You’re freeeeee, to do what you want to do, sang 1990s pop sensation, Ultra Nate. Except, according to new research, teachers often aren’t.
A study by the National Foundation for Educational Research in collaboration with the Teacher Development Trust comes a year after the government published its teacher recruitment and retention strategy. While the research confirms that unmanageable workload and low job satisfaction are significant factors in teachers’ decision to stay or leave, it also sheds light on new areas of opportunity for improving retention in schools.
Feelings of autonomy contribute to higher job satisfaction but vary widely across the profession: “only around half of those with the lowest autonomy are intending to stay in teaching in the short term, compared to more than 85 percent of those with the highest autonomy.” So what makes the difference to teachers? Why are some experiencing high levels of autonomy and others not? And how can school leaders match teachers' wants with school needs?
Keeping teachers happy
According to the surveys carried out by NFER, there are three key areas where teachers report high autonomy:
- Influence over classroom activities.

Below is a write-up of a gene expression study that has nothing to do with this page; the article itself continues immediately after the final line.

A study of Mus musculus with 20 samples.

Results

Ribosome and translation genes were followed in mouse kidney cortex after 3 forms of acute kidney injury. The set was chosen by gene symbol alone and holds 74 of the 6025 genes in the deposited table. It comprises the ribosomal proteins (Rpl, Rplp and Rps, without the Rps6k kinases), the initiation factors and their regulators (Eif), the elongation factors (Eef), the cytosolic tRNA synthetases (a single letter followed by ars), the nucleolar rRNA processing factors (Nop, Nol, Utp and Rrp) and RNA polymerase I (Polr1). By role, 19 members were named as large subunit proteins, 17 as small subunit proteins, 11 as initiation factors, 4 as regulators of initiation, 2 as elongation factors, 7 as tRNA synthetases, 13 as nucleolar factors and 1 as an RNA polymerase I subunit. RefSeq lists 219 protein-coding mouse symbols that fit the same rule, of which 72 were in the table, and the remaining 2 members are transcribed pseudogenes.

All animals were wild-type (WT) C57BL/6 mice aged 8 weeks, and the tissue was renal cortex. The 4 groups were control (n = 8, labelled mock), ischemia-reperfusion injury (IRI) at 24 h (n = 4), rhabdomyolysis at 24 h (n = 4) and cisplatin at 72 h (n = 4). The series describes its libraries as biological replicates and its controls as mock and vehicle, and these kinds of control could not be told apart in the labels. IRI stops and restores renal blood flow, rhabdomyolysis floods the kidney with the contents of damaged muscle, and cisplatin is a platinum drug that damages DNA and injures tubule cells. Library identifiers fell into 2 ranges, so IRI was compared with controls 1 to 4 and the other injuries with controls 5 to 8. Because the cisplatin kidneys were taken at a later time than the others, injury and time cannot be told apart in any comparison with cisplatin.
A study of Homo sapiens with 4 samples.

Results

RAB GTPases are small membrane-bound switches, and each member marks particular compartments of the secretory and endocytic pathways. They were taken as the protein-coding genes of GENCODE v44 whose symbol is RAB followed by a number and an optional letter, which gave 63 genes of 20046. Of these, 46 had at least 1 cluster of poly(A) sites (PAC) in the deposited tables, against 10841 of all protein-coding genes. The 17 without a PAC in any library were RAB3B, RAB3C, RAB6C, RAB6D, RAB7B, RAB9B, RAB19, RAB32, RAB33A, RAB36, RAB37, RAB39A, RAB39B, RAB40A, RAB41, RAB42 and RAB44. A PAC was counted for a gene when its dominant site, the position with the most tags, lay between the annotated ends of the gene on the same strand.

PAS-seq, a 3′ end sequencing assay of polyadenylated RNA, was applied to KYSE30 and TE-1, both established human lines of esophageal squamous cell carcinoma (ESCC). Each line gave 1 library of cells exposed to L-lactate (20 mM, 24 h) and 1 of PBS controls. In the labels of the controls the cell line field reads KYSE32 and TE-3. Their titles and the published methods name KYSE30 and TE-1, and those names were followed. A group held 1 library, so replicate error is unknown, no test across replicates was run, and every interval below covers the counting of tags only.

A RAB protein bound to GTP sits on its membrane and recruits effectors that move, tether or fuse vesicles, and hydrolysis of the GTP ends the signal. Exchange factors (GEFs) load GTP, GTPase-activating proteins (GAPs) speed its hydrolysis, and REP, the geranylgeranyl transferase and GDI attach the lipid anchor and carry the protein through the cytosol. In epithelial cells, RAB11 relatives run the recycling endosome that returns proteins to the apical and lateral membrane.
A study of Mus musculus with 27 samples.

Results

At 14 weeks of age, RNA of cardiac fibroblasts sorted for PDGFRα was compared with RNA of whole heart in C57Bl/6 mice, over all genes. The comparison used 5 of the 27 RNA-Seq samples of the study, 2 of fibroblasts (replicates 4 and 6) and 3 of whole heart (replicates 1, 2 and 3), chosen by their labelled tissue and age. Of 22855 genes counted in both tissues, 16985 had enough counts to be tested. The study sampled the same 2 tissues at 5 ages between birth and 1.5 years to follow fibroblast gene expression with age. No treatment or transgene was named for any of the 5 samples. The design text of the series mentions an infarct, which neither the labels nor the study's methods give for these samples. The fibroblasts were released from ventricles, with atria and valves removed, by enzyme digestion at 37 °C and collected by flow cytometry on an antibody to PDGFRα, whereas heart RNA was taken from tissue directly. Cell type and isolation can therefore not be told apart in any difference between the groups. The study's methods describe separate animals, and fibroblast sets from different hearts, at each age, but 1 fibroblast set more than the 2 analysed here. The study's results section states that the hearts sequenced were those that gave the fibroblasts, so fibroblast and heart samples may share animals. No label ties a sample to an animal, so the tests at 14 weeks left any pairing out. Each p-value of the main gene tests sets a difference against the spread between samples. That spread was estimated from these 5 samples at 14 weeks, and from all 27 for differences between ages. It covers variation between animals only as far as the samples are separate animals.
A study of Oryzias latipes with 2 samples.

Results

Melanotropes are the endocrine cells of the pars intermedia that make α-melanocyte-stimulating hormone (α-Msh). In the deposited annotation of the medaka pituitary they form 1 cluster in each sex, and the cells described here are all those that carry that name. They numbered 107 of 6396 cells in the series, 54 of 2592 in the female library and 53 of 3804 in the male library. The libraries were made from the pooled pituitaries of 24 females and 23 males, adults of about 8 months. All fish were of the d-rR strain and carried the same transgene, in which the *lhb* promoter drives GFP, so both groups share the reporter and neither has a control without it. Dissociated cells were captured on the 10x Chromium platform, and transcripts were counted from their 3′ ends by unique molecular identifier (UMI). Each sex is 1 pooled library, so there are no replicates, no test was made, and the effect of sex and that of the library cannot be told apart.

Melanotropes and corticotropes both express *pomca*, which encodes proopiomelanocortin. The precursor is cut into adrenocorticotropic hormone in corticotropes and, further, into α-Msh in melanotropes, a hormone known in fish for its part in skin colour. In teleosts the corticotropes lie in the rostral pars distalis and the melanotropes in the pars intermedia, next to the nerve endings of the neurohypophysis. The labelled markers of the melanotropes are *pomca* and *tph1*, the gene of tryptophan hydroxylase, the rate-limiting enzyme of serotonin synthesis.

- Teaching methods used.
- Planning and design of lessons.
… and three where they report less:
- Curriculum design.
- And, rather surprisingly, personal professional development goals.
Only a few aspects of autonomy seem to make a significant difference to retention. A standout finding is that autonomy over professional development goals is most associated with higher job satisfaction and greater intention to stay in teaching – in fact, it’s by far the most significant factor.
Perhaps less surprisingly, teachers who don’t move into leadership positions don’t experience growth in autonomy over their careers. This is unlike most other professions where autonomy tends to rise with experience.
Performance management and appraisal systems can either support or hinder teacher autonomy. With this new research further confirming the connection between teacher development and teacher motivation, it seems important for schools to review how they support classroom teachers to develop in their current roles through these systems.
As the NFER’s Jack Worth, lead author of this research, said: “When teachers have greater involvement in their professional development goal-setting, and in school decision-making more widely, they are motivated to perform and stay in the profession.”
Harnessing this new information, schools should create opportunities to co-create goals for classroom teachers that meet their development needs while supporting the whole-school vision to add further purpose and connectedness. The TDT has issued a supporting resource for senior leaders on implementing robust practices around collaborative goal-setting, available to download here.
So, for school leaders, we leave you with more words from Ultra Nate:
If you gave more [autonomy] than you took, Life could be so good, Come on and try, Now's the time, 'Cause you're freeeeee.
Michelle Barker (@BarkingAbout) and David Weston (@informed_edu) are, respectively, schools programme leader and CEO of the Teacher Development Trust. Find out more here.